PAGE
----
Elizabethan Rainbow Portrait
Peach-pink-coral with darker red coral edge and veining, red-orange coral band above orange to golden-yellow throat.
Only later did I start to notice that the flower was consistently very symmetrical and of beautiful form and that the flower started out a darker coral that then faded to a lighter peach with a deep coral edge on the petals. Elizabethan Rainbow Portrait showed A+ rust resistance through all five years of my screening program and produced a high percentage of rust resistant offspring. The thrips resistance is also excellent and again, there is high breeding value for this trait.
The plant of Elizabethan Rainbow Portrait is very nice, showing beautiful dark green foliage that does not show summer dormancy. It goes fully dormant after the first round of freezes in fall and stays down until spring. The branching is very nice averaging four branches, but sometimes showing five. Bud count averages 21, but I have seen more buds on some scapes.
The rebloom is a great added bonus. There is instant rebloom that comes on as the first round of scapes are flowering, then there is some late summer rebloom in most years. Combined with the branching, lovely dormant foliage, lovely flower, and the high pest resistance, the rebloom is just the icing on the cake. The high breeding value for all these traits then only adds to the value of Elizabethan Rainbow Portrait for anyone wishing to hybridize modern flowers on cutting edge plants.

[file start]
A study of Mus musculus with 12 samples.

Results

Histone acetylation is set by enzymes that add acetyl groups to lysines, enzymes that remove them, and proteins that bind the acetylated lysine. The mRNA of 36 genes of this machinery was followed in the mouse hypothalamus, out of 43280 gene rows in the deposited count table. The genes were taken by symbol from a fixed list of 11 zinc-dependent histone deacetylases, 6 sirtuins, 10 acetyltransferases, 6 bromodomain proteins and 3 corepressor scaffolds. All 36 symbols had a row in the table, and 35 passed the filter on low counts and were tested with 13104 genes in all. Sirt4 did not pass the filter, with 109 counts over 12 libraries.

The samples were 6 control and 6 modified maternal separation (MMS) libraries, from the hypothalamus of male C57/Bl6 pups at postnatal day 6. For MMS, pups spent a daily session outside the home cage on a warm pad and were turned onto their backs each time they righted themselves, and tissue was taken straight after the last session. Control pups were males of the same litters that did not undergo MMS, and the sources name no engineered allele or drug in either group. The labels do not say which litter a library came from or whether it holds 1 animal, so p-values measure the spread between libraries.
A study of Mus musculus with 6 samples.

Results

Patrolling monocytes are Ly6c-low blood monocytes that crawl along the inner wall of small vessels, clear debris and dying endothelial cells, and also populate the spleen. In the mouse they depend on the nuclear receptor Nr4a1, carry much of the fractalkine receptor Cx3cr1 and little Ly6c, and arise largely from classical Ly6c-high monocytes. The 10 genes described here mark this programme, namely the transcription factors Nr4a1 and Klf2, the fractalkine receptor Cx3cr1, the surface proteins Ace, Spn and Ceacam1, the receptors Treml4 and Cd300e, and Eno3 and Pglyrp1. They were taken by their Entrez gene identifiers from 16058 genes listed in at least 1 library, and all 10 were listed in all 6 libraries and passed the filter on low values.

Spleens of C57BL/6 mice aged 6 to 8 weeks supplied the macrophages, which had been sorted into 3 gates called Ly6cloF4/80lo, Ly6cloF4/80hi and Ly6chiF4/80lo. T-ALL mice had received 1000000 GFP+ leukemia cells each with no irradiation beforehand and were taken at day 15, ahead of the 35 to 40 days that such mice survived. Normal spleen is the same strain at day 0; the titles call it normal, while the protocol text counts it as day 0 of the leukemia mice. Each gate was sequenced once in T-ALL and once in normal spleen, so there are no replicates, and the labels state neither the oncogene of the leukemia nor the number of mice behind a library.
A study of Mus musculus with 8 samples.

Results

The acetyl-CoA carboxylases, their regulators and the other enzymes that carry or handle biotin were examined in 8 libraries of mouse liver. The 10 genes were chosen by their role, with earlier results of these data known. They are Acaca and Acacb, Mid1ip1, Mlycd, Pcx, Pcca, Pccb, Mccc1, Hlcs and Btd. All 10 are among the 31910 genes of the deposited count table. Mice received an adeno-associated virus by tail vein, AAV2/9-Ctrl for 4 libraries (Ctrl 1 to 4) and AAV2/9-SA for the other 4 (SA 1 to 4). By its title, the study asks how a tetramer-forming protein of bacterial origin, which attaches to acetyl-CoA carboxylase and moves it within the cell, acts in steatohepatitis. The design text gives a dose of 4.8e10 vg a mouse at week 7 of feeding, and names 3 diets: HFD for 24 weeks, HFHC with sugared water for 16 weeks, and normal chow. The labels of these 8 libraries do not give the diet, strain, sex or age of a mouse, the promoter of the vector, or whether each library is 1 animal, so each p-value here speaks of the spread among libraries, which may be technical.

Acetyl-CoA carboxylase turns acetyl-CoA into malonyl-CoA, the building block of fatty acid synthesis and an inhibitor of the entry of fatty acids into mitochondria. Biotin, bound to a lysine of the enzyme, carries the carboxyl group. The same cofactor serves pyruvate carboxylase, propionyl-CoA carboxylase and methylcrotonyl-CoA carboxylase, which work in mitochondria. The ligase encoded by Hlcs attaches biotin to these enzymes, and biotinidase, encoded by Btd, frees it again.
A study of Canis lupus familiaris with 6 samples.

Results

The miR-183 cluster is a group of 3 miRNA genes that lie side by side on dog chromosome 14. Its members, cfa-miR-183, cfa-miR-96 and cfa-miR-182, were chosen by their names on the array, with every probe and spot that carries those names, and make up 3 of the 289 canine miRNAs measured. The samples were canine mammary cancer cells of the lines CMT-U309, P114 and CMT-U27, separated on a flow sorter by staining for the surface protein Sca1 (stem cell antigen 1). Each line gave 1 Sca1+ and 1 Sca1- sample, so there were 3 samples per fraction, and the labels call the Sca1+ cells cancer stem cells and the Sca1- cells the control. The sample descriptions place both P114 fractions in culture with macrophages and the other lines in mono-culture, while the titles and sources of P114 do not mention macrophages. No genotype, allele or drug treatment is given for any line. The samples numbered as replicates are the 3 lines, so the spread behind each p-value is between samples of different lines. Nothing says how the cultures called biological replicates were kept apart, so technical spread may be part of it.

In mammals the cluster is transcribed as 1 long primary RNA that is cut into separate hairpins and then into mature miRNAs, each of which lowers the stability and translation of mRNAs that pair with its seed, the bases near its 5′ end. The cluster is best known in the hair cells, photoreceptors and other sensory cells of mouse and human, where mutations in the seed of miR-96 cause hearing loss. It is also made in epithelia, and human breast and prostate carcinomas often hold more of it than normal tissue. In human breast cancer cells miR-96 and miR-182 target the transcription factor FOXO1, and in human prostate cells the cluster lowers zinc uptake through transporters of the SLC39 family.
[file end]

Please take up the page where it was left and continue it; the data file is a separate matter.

The color of the flower is gorgeous. Starting a deep, rich coral peach with a darker reddish-coral eye and a bright orange to golden throat, the flower fades through the day to become a light peach with reddish-coral veins and petal edge with an eye of the same shade above the glowing throat. It is a very beautiful effect and with the consistently symmetrical flower form, it is a beauty to behold for a long time in the garden.
The struggle to combine high rust resistance with excellent plant traits and fancy flower traits has been one of the biggest deterrents to the production of line with high rust resistance, as many breeders have been reluctant to step back from the pursuit of fancy flower extremes to set the rust resistance and then work back to the extreme flowers. My focus from the start of my program was to produce breeding plants that combined many excellent plant and flower traits with high rust resistance so more breeders would have material to go out to in order to bring rust resistance into their programs without setting their flower phenotypes back to much. In this way, they can quickly get back to the most extreme flowers, while also bringing in rust resistance.